Geoff Brunt had agreed to lead a walk in the Great Breach Wood area of the Poldens to show us the various species of butterflies that inhabit the area and explain about their behaviour, requirements and conservation. I was looking forward to this outing, but the weather had been far from suitable for butterflies and I spent the morning of July 14 wondering whether it was going to be worth the trip. Just before lunch the cloud began to break and a warm sun appeared. This was all that was needed.
Nine of us met Geoff at the Fountain Forestry carpark and were given a fascinating tour of the wood. The most delightful butterfly, in my opinion, was the silver-washed fritillary: a large orange-coloured butterfly, with black markings on the upper wings. To this is added a silvery colouration to the lower part of the wings, from which it derives its name.
We were able to contrast this specie with the comma, a smaller butterfly but with a superficially similar wing pattern. However, side by side the size difference was obvious, as was the scalloped effect on the comma’s wings.
I now know the difference between the small and large skippers, tiny butterflies that resemble Concorde when at rest and with very different under-wing colouration.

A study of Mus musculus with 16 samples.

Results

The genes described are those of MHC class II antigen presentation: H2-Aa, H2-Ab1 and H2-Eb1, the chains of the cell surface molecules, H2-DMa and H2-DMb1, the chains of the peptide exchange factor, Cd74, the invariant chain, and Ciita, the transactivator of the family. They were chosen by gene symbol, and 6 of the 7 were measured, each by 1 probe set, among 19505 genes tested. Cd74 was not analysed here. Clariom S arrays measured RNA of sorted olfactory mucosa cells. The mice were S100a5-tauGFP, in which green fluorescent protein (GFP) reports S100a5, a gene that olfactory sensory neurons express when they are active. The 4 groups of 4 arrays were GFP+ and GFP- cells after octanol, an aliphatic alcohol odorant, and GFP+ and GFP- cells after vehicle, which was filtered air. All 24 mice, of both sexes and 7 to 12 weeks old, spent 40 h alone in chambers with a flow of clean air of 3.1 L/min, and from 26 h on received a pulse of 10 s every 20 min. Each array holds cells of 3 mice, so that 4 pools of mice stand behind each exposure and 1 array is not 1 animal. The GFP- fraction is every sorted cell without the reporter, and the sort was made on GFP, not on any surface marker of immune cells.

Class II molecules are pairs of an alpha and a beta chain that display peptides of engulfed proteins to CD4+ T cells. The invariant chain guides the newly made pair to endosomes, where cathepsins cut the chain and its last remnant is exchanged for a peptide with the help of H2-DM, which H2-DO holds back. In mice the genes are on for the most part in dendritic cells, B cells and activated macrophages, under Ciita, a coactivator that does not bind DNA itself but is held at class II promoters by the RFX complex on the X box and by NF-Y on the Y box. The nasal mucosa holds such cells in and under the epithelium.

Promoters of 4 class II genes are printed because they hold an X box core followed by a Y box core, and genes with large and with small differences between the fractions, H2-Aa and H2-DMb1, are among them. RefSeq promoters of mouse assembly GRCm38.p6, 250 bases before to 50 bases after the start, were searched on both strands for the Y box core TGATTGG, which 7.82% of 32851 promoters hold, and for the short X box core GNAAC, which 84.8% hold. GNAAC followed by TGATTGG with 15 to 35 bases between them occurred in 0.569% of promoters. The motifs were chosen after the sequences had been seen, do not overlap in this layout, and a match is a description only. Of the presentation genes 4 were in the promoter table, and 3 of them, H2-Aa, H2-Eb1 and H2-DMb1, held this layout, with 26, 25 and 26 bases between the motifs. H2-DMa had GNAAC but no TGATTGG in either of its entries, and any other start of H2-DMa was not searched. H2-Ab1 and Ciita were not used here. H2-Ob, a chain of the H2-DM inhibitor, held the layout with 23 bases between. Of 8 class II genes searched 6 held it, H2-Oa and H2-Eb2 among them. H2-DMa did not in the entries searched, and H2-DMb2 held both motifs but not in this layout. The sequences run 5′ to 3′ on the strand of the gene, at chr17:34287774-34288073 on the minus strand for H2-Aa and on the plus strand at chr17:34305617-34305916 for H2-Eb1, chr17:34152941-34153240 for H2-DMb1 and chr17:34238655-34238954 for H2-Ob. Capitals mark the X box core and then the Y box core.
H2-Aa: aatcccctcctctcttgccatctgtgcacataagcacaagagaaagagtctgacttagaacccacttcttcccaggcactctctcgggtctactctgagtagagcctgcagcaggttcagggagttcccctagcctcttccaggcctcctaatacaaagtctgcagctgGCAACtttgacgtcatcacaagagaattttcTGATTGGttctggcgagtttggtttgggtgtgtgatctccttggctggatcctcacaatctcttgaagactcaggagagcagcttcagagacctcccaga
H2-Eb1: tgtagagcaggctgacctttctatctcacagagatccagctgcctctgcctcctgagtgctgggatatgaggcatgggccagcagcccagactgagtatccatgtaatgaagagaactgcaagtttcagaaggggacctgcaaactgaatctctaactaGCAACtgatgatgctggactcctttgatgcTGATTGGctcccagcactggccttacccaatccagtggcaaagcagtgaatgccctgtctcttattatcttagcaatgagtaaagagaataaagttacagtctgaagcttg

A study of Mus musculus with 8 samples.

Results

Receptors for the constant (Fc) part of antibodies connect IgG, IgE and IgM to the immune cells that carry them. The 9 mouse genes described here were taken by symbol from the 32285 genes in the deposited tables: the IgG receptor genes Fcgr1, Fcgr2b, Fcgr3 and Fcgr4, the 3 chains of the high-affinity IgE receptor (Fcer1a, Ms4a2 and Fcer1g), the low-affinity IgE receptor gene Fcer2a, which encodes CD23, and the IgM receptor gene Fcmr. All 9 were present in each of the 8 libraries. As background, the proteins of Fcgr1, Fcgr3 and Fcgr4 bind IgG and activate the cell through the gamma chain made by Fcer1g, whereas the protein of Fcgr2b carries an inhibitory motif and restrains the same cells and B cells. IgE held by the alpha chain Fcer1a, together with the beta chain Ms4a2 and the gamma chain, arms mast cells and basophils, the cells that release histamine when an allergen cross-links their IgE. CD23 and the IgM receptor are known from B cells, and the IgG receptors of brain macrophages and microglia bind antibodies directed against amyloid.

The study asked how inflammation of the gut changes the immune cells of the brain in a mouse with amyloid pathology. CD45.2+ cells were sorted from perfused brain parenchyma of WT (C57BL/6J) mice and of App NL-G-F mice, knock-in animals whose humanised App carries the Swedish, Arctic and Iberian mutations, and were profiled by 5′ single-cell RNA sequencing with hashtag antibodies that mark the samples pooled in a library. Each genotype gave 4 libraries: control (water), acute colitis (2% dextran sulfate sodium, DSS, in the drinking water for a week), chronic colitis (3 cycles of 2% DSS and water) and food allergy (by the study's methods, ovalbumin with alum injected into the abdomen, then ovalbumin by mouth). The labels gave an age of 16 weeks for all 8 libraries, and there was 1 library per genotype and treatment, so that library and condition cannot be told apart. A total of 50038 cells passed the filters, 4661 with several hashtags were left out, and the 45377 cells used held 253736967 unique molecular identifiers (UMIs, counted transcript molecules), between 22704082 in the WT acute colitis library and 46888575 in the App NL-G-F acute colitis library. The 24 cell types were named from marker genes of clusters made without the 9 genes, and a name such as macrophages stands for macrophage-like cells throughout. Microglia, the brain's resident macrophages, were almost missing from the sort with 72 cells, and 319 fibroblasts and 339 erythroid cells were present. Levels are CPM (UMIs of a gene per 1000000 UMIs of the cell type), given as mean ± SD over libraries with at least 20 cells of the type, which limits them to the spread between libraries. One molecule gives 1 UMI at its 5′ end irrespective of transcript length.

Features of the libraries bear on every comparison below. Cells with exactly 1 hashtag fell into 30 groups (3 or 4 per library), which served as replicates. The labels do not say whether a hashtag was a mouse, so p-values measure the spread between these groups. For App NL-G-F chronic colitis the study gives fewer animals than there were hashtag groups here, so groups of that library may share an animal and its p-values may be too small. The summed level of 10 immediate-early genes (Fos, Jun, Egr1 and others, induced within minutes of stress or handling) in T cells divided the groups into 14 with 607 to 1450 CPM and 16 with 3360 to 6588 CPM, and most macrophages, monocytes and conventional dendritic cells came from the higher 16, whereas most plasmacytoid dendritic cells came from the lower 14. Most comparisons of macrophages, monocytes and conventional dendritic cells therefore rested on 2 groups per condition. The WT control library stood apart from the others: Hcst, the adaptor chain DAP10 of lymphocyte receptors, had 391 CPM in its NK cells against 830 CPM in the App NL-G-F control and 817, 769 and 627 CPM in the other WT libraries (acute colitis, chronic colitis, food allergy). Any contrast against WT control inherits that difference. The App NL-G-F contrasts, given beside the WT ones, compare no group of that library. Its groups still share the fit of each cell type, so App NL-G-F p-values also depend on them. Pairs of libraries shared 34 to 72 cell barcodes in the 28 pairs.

Geoff explained the work that had been done to create the right habitats for these various species and explained how plants had returned to the woods after glades had been formed — plants that were required for certain species to breed successfully and which had been lying dormant in the ground-held seed bank, waiting for the right environment for their regeneration. The large blue butterfly is now breeding in the area.
I have mentioned only a few of the species we saw, together with the moths and many plants. This was a fascinating and instructive walk, in good company. If Geoff can be persuaded to repeat it at some time in the future, I will be there again and I would thoroughly recommend it to anyone with an interest in nature and wishing to understand more about ecology.